CFP: Transmediality and interactivity in the fantastic, monographic issue coordinated for Brumal by Miguel Carrera Garrido (CIESE-Comillas, University of Cantabria)
Transmediality and interactivity in the fantastic, monographic issue coordinated for Brumal by Miguel Carrera Garrido (CIESE-Comillas, University of Cantabria)
Deadline: June 15, 2020
One of the characteristics that define fictional production in the 21st century is its ten-dency to distribute itself among numerous media of expression: television, cinema, lit-erature, comic-books, theater, video games, role-playing games, etc. Far from leading to dispersion or to the proliferation of watertight compartments, such inclination – also present in other communicative practices – has led to the convergence of all these areas. As a result, it is becoming increasingly difficult, even inappropriate, to limit the focus of attention to a single medium and ignore the rest: stories expand to two, three or more of these environments, aspiring to preserve the unity of sense in heterogeneity. Thus, to get to a thorough and complete understanding of the message, the recipient – and, there-fore, the critic – has to consider different creative domains and apply several reading codes. This agent is simultaneously endowed, in contemporary creation, with a much more active and decisive role than he/she used to possess. Expected to interact with fictional products, as a member of a participatory and empowered culture, his/her inter-vention – often essential – oscillates between the interpellation and analysis from vari-ous discussion forums – especially the Internet and social networks – and direct partici-pation in the imaginary universes, either expanding them in media different from than the one where they originated, or immersing themselves effectively in those worlds and influencing – either as an avatar, or playing a character – the course of the action.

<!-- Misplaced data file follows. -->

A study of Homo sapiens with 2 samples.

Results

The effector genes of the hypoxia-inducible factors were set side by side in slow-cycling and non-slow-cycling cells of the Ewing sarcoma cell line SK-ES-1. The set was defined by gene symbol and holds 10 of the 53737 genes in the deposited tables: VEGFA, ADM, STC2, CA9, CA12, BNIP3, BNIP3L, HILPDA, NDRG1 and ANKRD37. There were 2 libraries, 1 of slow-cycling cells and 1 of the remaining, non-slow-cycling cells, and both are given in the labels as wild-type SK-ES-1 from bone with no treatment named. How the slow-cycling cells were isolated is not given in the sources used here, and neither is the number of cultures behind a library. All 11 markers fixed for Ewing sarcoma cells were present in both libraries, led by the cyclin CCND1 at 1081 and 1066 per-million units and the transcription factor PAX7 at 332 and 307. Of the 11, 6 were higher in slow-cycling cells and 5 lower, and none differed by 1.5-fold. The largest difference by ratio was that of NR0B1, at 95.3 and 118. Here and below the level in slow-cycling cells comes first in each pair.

These two complementary trends point to the terms on which the proposed monograph is based: transmedia(lity) and interactivity. Its goal: to trace the importance of these realities in the fantastic genre or mode, both in theoretical formulations and practical realizations.
Widely addressed in akin modalities such as science fiction or medieval fantasy (think, for example, of successful franchises, and recurring objects of analysis, such as Star Wars, A Song of Ice and Fire or Lord of the Rings, which transcended their original medium long ago, and where the interference of fans has become the norm), the concept of transmedial, or transmedia, has not had, to date, much repercussion in studies on the fantastic, at least as Brumal conceives it (that is, as the irruption of the impossible into a world in appearance similar to ours, in tune with Caillois’s and Roas’s theories). As for interactivity, it also has not received the due attention yet, despite the interest raised in recent years by expressions rarely considered artistic in the past, like video games, haunted attractions, fan fiction, “choose your own adventure” novels, etc. That is why it is urgent to undertake a project like the current one, in which we analyze, among other things, how speeches and stories have migrated from one medium to another – if that was not designed like that from the beginning –, to what extent inter-dependence be-tween the different media has been promoted, and how, in this process, the community of readers, spectators, players or, in general, fans has played an increasingly active and crucial role. It is at this junction, or convergence, between the transmedia(l) and the interactive towards which we want the participants of the issue to look.
Some of the proposed thematic axes, with which we want to cover both extremes, are:
• Originally, or strategic, transmedia(l) narratives of the fantastic.
• Expanded universes of the fantastic (or tactical transmedia).
• Appropriation, reworking and expansion of figures, motives and other references of the fantastic at the hands of fans.
• Theoretical relations between the concepts of transmedia(lity), intermedia(lity) and multimedia(lity) in the fantastic.
• Reflections on the concept of authorship in the fantastic transmedia(lity).
• New interactive modes of the fantastic (video games, haunted attractions, role-playing games, escape rooms, etc.) and their relationship with other media.
• Interactions, in social networks and in other forums, between fictional productions and fans of the fantastic.
For more information on submissions, format, length and so on, please visit the journal’s webpage or contact the coordinator on email@example.com.